Dallas Arson Defense Attorney
Arson, according to the Texas Penal Code, is a criminal offense that involves purposely setting fire to any property, open land, structure, or building under the following circumstances:
- When it is owned by another individual
- When it is insured against destruction or damage
- When it is subject to a security interest or mortgage
- When another individual’s property is inside the structure
- When the accused commits the offense with recklessness and utter disregard for the safety of other people or their property
In Texas, arson is often classified as a second degree felony. If, however, the offense caused physical injury or death to an individual, or if the subject of the arson was a place of worship/assembly or was a dwelling place, the offender may then be charged with a first degree felony.
If a person starts a fire or causes an explosion that results in the damage of a vehicle, building, or habitation—while manufacturing a controlled substance, then this form of arson is classified as a state jail felony. A state jail felony for arson may be elevated to a third degree felony if the criminal offense resulted in physical injury to another or death.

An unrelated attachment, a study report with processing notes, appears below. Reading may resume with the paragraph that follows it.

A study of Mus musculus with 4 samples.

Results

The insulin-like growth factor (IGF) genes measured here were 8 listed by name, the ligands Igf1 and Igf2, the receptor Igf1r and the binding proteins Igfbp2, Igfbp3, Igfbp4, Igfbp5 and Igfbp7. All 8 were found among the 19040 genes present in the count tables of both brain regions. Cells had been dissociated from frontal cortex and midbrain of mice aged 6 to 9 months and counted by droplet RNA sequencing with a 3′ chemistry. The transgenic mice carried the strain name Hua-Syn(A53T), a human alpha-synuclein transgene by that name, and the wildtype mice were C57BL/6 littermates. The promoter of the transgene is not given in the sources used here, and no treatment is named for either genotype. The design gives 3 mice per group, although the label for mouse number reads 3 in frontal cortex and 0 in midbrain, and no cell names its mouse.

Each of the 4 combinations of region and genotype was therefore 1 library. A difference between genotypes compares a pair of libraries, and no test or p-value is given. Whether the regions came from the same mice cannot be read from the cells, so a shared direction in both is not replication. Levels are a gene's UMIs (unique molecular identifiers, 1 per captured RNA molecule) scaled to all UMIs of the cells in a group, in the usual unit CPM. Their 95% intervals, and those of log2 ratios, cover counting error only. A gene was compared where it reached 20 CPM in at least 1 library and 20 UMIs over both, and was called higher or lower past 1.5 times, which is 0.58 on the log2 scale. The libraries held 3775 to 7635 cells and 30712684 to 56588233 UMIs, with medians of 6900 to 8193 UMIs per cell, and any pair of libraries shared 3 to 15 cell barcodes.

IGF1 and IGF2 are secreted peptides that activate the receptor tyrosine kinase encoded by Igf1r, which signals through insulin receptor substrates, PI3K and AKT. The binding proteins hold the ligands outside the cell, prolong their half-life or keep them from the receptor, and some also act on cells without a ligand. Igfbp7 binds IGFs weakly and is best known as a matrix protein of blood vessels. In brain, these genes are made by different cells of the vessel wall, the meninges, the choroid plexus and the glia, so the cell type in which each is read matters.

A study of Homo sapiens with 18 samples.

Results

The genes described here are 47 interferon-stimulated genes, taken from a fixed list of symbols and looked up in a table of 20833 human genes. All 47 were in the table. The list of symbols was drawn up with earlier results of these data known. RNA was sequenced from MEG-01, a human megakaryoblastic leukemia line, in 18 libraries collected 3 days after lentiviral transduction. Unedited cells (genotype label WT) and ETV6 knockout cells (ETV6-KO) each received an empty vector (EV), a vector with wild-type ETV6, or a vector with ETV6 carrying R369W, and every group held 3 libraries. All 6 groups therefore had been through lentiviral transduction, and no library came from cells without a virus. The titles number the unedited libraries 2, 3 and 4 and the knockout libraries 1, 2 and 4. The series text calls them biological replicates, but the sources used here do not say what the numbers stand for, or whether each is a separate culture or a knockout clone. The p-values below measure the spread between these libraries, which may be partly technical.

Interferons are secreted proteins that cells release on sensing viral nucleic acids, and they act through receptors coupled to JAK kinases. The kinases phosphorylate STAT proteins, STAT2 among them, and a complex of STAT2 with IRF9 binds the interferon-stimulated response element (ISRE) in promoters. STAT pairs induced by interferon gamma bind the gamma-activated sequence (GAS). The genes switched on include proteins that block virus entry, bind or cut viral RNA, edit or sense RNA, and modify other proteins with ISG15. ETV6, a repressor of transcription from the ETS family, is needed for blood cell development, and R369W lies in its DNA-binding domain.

Apart from the intent to destroy or damage property, other reasons for committing arson may include intimidation, revenge, concealment of a murder, murder, and other crimes.
Any allegation of arson should be taken very seriously. After all, the offense can result in extreme property damage and even death. If you have been accused of arson, contact David Finn, P.C. at (214) 871-1121 today to discuss your case.
Penalties of Arson
When arson is classified as a third degree felony arson in Texas, the accused may face up to $10,000 in fines, anywhere from two to 10 years in prison, or both.
If arson is classified as a second degree felony, the offender may face up to $10,000 in fines, anywhere from two to 20 years in prison, or both.
If arson is deemed a first degree felony, the accused may face up to $10,000 in fines, either life in prison or five to 99 years in prison, or both.
Persons convicted of arson as a state jail felony may face up to $10,000 in fines, a minimum of 180 days to two years in jail, or both. If, however, the offender has been convicted of a felony previously, then such charges may be upgraded to a third degree felony.
Before determining the proper penalty for an arson charge, the court takes into consideration factors such as the classification of the property involved, the value of the property, and whether or not there were injuries or deaths.
Call David Finn, P.C. Today
Texas law states that an individual may only be charged with arson if fire investigators are able to establish that the cause of the fire was indeed malicious or intentional. Sadly, numerous cases exist in which the cause of a fire was unidentified, and prosecutors underhandedly shifted the burden of proof to the accused. This is commonly referred to as “arson by default,” meaning the defense must prove that the fire was not started by the accused.
Disproving arson can be a complex process. If you have been accused of arson in Texas, it is crucial that you consult with an attorney as soon as possible. Your future is at stake. David Finn, P.C. will fight aggressively to protect your rights and fight the allegations against you. Call (214) 871-1121 today.